Temperatures drop, nights lengthen and mashed potatoes become a dinner staple — welcome to winter.
As the weather changes, so does your appetite. The winter appetite can be caused by a combination of many things: our survival instinct kicking in to tell us to eat more to survive, psychological changes from the dark skies and isolated night, or even the availability of certain foods over others in the grocery store. No matter the reason, a change in your appetite during the winter can be confusing and sometimes triggering. To fuel yourself properly during this season, it’s helpful to know why this change happens and how you can accept your body’s comfort food cravings.
According to the CDC, our bodies lose heat quicker when exposed to frigid winter weather. To compensate for this heat loss, our body does what it can to stay warm — eat! Eating and digesting food uses energy, which produces heat, similar to why our bodies shiver in the cold; shaking and movement produce energy and heat to keep warm.
Colder temperatures signal holiday stress, nights spent alone in bed to avoid the freeze and feelings of depression that accompany the early, dark nights. These feelings of stress, sadness and solitude are correlated with emotional eating, which is defined by social psychologist Hanna Konttinen as “a tendency to eat in response to negative emotions with the chosen foods being primarily energy-dense and palatable ones.”
Energy-dense foods are your typical comfort foods: mashed potatoes, macaroni and cheese, and pizza. If consumed in excess, these foods associated with the negative feelings that accompany cold weather will lead to weight gain. Though weight gain isn’t inherently a “bad” thing, it can still be avoided if you’re trying to stay fit during these colder months.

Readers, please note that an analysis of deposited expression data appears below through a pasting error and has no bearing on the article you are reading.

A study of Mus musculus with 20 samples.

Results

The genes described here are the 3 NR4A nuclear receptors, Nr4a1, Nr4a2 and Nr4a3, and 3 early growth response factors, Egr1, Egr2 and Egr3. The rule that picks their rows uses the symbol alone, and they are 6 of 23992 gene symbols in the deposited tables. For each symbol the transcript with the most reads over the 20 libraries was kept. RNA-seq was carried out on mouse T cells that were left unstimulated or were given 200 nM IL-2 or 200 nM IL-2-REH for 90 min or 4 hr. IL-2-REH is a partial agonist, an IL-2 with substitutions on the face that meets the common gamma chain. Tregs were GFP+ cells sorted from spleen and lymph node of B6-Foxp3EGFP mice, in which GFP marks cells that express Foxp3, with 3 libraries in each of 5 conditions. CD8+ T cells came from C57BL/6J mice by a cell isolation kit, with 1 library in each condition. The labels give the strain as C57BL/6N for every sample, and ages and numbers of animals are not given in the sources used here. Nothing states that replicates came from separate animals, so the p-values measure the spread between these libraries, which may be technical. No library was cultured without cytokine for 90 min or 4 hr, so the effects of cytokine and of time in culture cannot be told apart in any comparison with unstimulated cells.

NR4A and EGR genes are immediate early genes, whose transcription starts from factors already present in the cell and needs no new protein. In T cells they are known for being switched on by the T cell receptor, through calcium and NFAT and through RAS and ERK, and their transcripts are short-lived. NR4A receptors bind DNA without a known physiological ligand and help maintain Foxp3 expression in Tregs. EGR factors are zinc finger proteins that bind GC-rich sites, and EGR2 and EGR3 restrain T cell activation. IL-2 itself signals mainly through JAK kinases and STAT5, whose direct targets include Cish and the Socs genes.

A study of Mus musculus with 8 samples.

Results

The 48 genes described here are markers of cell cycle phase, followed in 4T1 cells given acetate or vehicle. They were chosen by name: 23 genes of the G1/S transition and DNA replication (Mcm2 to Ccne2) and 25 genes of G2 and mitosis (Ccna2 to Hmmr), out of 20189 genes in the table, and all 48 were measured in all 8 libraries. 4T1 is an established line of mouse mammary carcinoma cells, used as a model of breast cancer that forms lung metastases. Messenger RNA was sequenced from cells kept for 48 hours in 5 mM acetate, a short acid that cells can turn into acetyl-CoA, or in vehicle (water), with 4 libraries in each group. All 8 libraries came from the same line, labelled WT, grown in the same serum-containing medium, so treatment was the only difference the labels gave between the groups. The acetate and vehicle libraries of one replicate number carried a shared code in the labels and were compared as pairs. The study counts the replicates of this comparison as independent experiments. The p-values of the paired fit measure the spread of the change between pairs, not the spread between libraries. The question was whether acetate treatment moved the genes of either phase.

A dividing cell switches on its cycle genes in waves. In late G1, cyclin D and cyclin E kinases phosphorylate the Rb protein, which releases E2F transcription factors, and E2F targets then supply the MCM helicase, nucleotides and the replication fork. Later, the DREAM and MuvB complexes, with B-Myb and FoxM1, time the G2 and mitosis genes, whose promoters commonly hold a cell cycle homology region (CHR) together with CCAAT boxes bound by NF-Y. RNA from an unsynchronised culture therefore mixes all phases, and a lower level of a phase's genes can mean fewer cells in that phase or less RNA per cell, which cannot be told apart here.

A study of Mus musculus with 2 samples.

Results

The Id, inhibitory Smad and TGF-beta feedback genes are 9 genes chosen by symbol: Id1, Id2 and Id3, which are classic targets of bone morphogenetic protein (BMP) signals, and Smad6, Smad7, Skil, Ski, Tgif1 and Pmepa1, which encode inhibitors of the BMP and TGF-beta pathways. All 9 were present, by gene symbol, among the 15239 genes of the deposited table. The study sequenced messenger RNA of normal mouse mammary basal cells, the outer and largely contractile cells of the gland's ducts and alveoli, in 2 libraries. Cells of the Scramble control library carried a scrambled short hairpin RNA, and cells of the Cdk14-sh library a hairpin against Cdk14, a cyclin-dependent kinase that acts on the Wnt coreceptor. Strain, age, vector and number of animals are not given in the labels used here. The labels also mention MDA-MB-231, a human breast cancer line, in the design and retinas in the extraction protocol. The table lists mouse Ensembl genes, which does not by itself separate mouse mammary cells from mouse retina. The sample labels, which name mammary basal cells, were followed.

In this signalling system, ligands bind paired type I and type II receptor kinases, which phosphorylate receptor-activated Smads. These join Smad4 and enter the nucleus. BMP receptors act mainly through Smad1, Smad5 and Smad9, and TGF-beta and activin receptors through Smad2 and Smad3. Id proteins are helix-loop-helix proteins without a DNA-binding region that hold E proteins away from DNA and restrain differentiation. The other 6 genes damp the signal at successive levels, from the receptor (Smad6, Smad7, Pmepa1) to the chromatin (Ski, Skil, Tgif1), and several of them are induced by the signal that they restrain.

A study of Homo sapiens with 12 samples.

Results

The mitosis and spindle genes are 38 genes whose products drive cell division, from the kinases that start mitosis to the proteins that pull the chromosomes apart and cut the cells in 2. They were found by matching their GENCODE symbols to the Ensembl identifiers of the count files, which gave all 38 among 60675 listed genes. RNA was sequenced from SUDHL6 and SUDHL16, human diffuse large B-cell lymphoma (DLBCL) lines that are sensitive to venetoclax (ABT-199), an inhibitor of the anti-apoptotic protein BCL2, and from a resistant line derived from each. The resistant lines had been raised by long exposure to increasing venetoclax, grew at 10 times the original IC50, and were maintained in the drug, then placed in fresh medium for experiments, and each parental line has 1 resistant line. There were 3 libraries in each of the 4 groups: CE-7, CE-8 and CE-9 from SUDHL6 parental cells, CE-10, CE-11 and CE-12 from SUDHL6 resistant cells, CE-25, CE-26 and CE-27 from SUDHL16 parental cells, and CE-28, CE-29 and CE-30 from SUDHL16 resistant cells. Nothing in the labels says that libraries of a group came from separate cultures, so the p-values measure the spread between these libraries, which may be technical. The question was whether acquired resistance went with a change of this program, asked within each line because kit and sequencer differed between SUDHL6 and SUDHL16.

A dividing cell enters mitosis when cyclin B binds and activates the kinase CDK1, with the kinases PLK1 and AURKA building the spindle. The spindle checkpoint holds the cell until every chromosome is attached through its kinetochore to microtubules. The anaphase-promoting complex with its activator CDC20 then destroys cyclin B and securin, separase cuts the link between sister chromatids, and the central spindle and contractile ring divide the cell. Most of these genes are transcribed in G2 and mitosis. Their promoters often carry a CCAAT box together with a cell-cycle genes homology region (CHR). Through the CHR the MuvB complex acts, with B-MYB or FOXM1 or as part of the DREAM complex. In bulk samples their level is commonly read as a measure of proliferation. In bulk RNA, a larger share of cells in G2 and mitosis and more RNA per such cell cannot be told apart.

Elizabeth Widen, registered dietitian and assistant professor at the University of Texas at Austin, provides insight into how you can enjoy your favorite comfort foods while meeting proper nutrient needs and preventing weight gain.
“All foods can fit as part of a healthy well-balanced diet,” Widen says. “The key is consuming a variety of foods, including lots of fruits and vegetables, and listening to your hunger and fullness cues.”
You don’t necessarily have to scrap comfort food altogether; Widen uses a revised recipe of her favorite comfort food, mac and cheese, to still receive adequate nutrients. She also suggests pairing each meal with dark leafy greens like spinach or kale.
Since the availability of different foods also influences our food choices, Widen suggests getting creative when healthy food like fresh fruits is no longer in season. In this case, she recommends trying seasonally available ingredients like kale, winter squashes, and citrus fruits or pears. Additionally, she says frozen fruits and vegetables are a financially accessible alternative.
“One of my favorite ways to eat fruit in the winter is a tropical smoothie with frozen banana, pineapple, passion fruit and plain yogurt,” Widen says.
As for a more seasonal dish, Widen promotes her favorite budget-friendly bean or lentil soups. Basic ingredients like onions, carrots and celery are the perfect base for a cozy bean soup. Widen suggests mixing garlic and olive oil with the vegetable base and finishing the dish by adding lentils, canned tomatoes and broth. Top it off with dark leafy greens, a bit of lemon juice and olive oil for a low-cost and nutrient-dense meal.
Though weight gain is a common fear, understanding the causes of weight gain and how to manage it can be helpful. Comfort foods don’t need to be restricted. Take tips from Widen to enhance your comfort dishes, listen to your body and respect its needs as the air grows colder. Just because the temperature drops, doesn’t mean your diet has to, too.